When it Comes to Writing, Lean Back, Not In

In Discussion by Roger Tagholm

Jill Krementz's iconic photo of Stephen King.

Jill Krementz’s iconic photo of Stephen King.

By Roger Tagholm

That list of books that Stephen King says influenced his writing in the last three or four years is fascinating. It forms a new Afterword to his On Writing : A Memoir of the Craft (Scribner) and was given wider coverage last week in the curiously named Aerogramme Writers’ Studio site.

The list includes To Kill a Mockingbird so one assumes he means “read again” in this instance. But although it’s fun to scroll through the 96 books (why not 100?) and think “Yes!” or “No!” or “Who?”, it’s the photograph of King on the jacket of the book that has most captivated me.

This is a great picture, a classic. It was taken by Jill Krementz around 1995 and was included in her book The Writer’s Desk (Random House). Surely I cannot be the only person to have pinched and zoomed it several times, hungrily exploring what it reveals, searching for some clues to the way this writer works. It shows King, leaning back on his ancient wheelie chair, feet up on the desk, making notes in longhand, seemingly oblivious to the photographer.

It looks like he’s wearing trainers, with his shirt is tucked into his jeans, something that might not happen today, such is the oddities of fashion (first shirts are inside, then outside, jeans are drainpipe, then flares, and so it goes). This is a picture that captures a particular period in time — those early, post-typewriter years, when PCs were just coming in.  That might even be a word processor looming by the far wall, like the one Richard Dreyfuss uses in Stand by Me when he types that poignant sentence. “I never had any friends later on like the ones I had when I was twelve. Jesus, does anyone?”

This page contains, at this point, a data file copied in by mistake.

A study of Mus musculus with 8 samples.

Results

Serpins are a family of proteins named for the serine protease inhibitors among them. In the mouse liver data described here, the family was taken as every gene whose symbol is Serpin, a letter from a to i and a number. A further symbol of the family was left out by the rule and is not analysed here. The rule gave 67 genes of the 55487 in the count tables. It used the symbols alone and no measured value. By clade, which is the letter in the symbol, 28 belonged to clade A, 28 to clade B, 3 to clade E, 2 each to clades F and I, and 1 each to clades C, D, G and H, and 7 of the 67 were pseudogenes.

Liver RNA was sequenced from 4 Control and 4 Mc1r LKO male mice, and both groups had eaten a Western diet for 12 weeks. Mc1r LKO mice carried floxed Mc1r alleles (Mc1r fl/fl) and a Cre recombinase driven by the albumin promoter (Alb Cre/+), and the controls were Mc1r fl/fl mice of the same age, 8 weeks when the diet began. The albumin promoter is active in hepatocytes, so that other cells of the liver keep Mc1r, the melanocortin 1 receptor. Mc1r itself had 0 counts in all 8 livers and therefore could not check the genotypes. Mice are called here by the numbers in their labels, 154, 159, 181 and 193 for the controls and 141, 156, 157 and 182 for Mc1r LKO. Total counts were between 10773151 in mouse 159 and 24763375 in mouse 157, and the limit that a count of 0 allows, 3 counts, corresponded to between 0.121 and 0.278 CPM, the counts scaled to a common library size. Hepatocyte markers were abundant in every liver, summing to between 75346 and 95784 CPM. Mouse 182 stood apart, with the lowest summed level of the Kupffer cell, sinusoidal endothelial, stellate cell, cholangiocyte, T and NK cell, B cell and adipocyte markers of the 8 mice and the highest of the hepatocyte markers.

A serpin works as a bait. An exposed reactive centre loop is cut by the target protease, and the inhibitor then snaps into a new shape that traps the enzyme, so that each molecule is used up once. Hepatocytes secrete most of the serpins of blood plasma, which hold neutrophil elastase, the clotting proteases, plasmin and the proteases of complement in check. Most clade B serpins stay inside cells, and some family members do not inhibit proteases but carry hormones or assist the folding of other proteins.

Old technology abounds. There are no tablets or mobiles here, and look at that corded office phone on the desk. Cool! And let’s not forget who’s under the desk. That kind of canine technology never dates. It’s Marlowe, of course, one of King’s beloved corgis.

We gaze at this photo and think ‘So that’s how you do it. You use a longhand notebook, you put your feet up on the desk and….and….the ideas just come…” There’s an interview online between journalist Ian Katz, then at the Guardian, and a faintly snooty Ian McEwan who despairs at being asked how he writes, what notebooks he uses etc. He seems to suggest that such questions are banal.

But one imagines McEwan is as interested as anyone else when he visits Dickens’ house in London, or sees Kipling’s desk at Bateman’s in East Sussex or visits Longfellow’s house in Cambridge, Mass. We look at their objects on the objects these writers have on their desks and feel a kind of wonder.

Meanwhile, you’ve mastered the leaning back bit (Sheryl Sandberg you’re wrong — it’s “back,” not “in” that you lean!). And the feet on the desk bit is really quite easy — in fact, you’ve discovered you’re a natural. All you need to sort now is what to put in the notebooks.  Er…

About the Author

Roger Tagholm


Roger Tagholm is based in London and has been writing about the book industry for more than 20 years. He is the former Deputy Editor of Publishing News and the author of Walking Literary London (New Holland) and Poems NOT on the Underground (Windrush Press).